NEWARK — Bruins general manager Peter Chiarelli said during a Boston radio appearance Wednesday morning that star center Patrice Bergeron, who suffered a concussion last Tuesday night, is practicing and is “on the road to recovery.’’
“So it looks good,’’ added Chiarelli, who spoke on 98.5 The Sports Hub. “He’s working out and things are looking good.’’
Bergeron suffered the fourth concussion of his career when he was bumped midway through the second period last Tuesday by Ottawa’s Colin Greening. It appeared to be a light hit, but a pal of Bergeron’s said over the weekend that the 27-year-old was left with a considerable bruise under his left ear and on his neck.
Bergeron was examined Friday by Dr. Robert Cantu, the well-known concussion expert based in Concord, Mass. Bergeron’s friend said the Selke Trophy winner was very encouraged after meeting with Cantu and was optimistic about returning to the lineup.
Bergeron did not make the trip here and his practice sessions presumably have been in Boston. Chiarelli, also not here for the game, did not specify the location or nature of the workouts during his radio appearance.
Coach Claude Julien sounded encouraged by the news on Bergeron following the morning workout before facing the Devils Wednesday night.
“Any time a guy starts to do something, it’s a step in the right direction,’’ Julien said.
But the coach remained somewhat guarded, noting that players can be “encouraged one day, then discouraged the next’’ when returning from concussions.
“We keep our fingers crossed,’’ said Julien, “and hope he keeps getting better.’’
Neither Chiarelli nor Julien has offered an estimate as to when Bergeron likely is to rejoin full practices with the club or has targeted a potential return date. In an e-mail before the game, Chiarelli noted that Bergeron recently has skated and participated in dry-land training.
Carl Soderberg, where are you?
According to TSN, Canada’s version of ESPN, the talented Swedish center signed a three-year contract with the Bruins, and could be with the club as early as this weekend. (Boston plays Saturday night in Raleigh, N.C.)
Chiarelli confirmed via e-mail that the club and Soderberg agreed on a contract. “But that doesn’t mean anything yet,’’ he wrote.
The delay in proclaiming the deal official and Soderberg heading to Boston could be that the Swedish national team has yet to give up its claim on Soderberg to play in the upcoming world championships.
Once his season ended in Sweden (last week when Linkoping was eliminated from the playoffs), Soderberg had three conditions to satisfy to make his way to Boston: 1. Negotiate a buyout with Linkoping; 2. Negotiate a deal with the Bruins; 3. Request a release from the national team, allowing him to skip the upcoming worlds (May 3-19 in Stockholm and Helsinki).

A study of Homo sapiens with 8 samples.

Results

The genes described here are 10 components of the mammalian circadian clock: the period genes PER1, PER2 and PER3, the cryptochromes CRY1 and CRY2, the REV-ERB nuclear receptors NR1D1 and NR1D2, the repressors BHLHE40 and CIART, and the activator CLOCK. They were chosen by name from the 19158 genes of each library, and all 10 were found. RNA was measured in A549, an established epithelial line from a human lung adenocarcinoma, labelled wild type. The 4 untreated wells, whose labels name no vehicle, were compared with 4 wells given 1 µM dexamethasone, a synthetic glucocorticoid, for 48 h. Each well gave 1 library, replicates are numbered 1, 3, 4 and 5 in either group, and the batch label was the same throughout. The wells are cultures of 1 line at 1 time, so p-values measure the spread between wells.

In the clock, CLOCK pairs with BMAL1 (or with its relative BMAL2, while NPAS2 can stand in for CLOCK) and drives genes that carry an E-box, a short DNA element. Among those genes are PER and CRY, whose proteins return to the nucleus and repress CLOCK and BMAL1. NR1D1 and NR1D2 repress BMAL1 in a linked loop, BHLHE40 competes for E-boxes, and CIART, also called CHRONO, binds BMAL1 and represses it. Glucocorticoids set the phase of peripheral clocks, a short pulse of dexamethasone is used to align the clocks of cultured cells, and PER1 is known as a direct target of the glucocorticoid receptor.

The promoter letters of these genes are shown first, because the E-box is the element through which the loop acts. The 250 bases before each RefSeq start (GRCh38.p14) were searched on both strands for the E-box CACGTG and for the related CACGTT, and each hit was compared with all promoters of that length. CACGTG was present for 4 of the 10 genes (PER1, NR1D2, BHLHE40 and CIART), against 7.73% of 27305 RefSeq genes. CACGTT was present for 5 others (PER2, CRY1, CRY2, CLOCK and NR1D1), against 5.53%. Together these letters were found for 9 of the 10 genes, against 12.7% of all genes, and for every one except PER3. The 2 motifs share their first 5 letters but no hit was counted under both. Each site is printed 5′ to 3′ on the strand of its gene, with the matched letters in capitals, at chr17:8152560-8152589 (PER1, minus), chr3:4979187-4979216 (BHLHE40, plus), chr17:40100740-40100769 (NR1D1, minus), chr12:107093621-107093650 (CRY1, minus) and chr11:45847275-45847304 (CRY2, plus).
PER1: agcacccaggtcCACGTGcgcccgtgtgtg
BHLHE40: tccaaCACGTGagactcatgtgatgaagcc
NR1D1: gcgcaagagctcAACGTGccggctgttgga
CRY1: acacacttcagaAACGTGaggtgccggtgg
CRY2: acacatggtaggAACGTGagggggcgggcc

TSN reported that Soderberg will receive $600,000 (signing bonus included) this season and $1 million for each of the next two seasons.
“A big, strong kid who can shoot the puck,’’ Chiarelli said of the 6-foot-3-inch pivot during his radio interview. “Once he is up and running, he’ll help us at some point, if we end up signing him.’’
The 27-year-old was originally drafted by St. Louis, then was traded to Boston in July 2007 for goalie Hannu Toivonen. However, he has remained in Sweden the past six seasons, the last two with Linkoping, where this year he went 31-29—60 in 54 games.
In a bit of a a surprise, Anton Khudobin started in the net, giving Tuukka Rask the night off.
Rask was hurt slightly during the morning workout when a Gregory Campbell slap shot nailed him on the right collarbone, but the decision to start Khudobin was not based on the injury.
“Bad ice,’’ kidded a smiling Rask, when talking about the injury. “Always blame the ice.’’
Rask was left with a bright red mark on the collarbone, and he needed a minute or more to shake off the pain.
Following Saturday’s game in Raleigh, the Bruins play four straight at home, visits by Ottawa (Marathon Monday), Buffalo (Wednesday), Pittsburgh (Friday), and Florida. The game with the Panthers on Sunday, April 21 originally was scheduled for 3 p.m., but has been moved up to 12:30 . . . Boston’s first playoff game should be either May 1 or 2 . . . The Bruins were better at the faceoff dot, a department in which they’ve sagged since the loss of Bergeron. They won 59 precent of the draws, with Campbell much improved (11 for 17, 65 percent) . . . No Bruin landed more than two shots on net, for a total of only 18. In their season low, the Bruins squeezed off only 16 in a 3-2 loss to the Penguins on March 12 . . . All the penalty killing limited Shawn Thornton to a team-low 5:29 of ice time . . . The Devils landed 28 of 56 shots, the Bruins only 18 of 34 . . . The Bruins had three chances on the power play, after combining for only four chances in their previous three games.